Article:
If young Eleanor Antin was asked what she wanted to be when she grew up, she probably would have answered, “Everything.” In the new exhibit at the Wallach Art Gallery, “Multiple Occupancy: Eleanor Antin’s ‘Selves,’” the artist shows that she has spent her life and career being everything—and, more importantly, everyone.
One of the pioneers of conceptual art, Antin once said, “I consider the usual aids to self-definition—sex, age, talent, time, and space—as tyrannical limitations upon my freedom of choice.” In order to resist this tyranny, Antin posed as four fictitious characters in the 1970s and 1980s—a king, a ballerina, a nurse, and a film director—and documented their experiences.
The exhibit, which runs through Dec. 7, consists of artistic media as eclectic as the characters they depict. Through film, photography, the written word, puppetry, and performance art installation, curator Emily Leibert has put together a cohesive visual autobiography of Antin’s many personas.
At the entrance of the gallery, two old-fashioned television screens serve as the “how-to” of Antin’s characters. They play behind-the-scenes footage of Antin physically applying makeup and costumes in order to alter her gender and race.
One series of vignettes depicts portraits of the fictional Eleanor Antinova, an African-American ballerina for Diaghilev’s Ballet Russes (a predominantly white company). Just to the right of the photographs is a video of the ballerina stumbling and off-balance, providing an uncomfortable contrast to the perfection and stillness of the photographs.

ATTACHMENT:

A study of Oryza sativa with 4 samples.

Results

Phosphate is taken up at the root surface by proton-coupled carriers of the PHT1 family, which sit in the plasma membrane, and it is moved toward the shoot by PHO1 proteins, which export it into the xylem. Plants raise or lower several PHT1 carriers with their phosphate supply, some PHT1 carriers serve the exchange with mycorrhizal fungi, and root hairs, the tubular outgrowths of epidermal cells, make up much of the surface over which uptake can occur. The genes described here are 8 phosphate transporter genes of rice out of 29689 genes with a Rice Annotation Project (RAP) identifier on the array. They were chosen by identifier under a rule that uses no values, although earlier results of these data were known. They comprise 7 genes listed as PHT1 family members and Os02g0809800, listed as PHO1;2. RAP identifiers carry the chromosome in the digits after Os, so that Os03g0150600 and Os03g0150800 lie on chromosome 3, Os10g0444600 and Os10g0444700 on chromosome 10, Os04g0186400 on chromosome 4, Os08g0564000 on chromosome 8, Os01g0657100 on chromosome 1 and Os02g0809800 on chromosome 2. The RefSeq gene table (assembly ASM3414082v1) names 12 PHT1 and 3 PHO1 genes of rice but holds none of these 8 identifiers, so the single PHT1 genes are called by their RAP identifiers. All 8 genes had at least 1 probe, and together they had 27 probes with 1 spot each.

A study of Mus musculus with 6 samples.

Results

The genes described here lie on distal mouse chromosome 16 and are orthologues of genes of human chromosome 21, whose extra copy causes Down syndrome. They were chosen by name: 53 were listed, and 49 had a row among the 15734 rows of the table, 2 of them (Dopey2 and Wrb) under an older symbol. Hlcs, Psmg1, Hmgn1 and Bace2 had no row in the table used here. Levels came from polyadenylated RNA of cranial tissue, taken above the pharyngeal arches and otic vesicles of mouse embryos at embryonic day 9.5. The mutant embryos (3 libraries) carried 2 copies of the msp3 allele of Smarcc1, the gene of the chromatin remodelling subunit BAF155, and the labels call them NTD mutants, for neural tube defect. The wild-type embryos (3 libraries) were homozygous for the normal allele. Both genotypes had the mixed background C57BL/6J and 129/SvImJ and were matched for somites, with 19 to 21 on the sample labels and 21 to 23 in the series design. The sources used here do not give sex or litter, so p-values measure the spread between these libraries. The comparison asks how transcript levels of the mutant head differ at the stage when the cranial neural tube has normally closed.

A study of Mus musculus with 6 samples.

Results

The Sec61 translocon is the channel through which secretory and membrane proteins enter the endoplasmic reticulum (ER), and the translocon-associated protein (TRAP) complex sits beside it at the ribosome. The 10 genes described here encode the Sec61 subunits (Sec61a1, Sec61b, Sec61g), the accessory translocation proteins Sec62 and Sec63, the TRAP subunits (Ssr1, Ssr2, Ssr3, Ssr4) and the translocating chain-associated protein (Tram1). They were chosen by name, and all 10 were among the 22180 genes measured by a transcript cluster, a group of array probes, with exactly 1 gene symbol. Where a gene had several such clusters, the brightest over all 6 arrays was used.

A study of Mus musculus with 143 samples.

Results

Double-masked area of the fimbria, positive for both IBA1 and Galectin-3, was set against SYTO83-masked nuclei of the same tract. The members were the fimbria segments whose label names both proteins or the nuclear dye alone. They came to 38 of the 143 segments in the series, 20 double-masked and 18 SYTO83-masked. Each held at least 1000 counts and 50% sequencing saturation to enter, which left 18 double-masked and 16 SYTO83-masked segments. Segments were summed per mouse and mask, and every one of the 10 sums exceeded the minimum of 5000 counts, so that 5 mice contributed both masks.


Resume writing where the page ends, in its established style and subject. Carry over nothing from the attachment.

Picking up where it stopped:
One of the most evocative works in the exhibition is “King,” which consists of black and white photographs of Antin in character as the king of San Diego’s Solana Beach. In the final room, Antin returns to the silver screen as Yevgeny Antinov, a Russian film director from the 1920s. The film leaves viewers feeling the immensity of lives this one woman has lived, understood, and enjoyed.
Antin’s methodology demonstrates that she is not merely playing dress-up but instead posing critical questions about how we perceive ourselves, how others perceive us, and the false idea of the self as a fixed and unchanging entity. Antin’s exhibition is a thought-provoking must-see and proves that wanting to be “everything” when you grow up is not only possible, but also a form of art.
Wallach Art Gallery is located on the eighth floor of Schermerhorn Hall.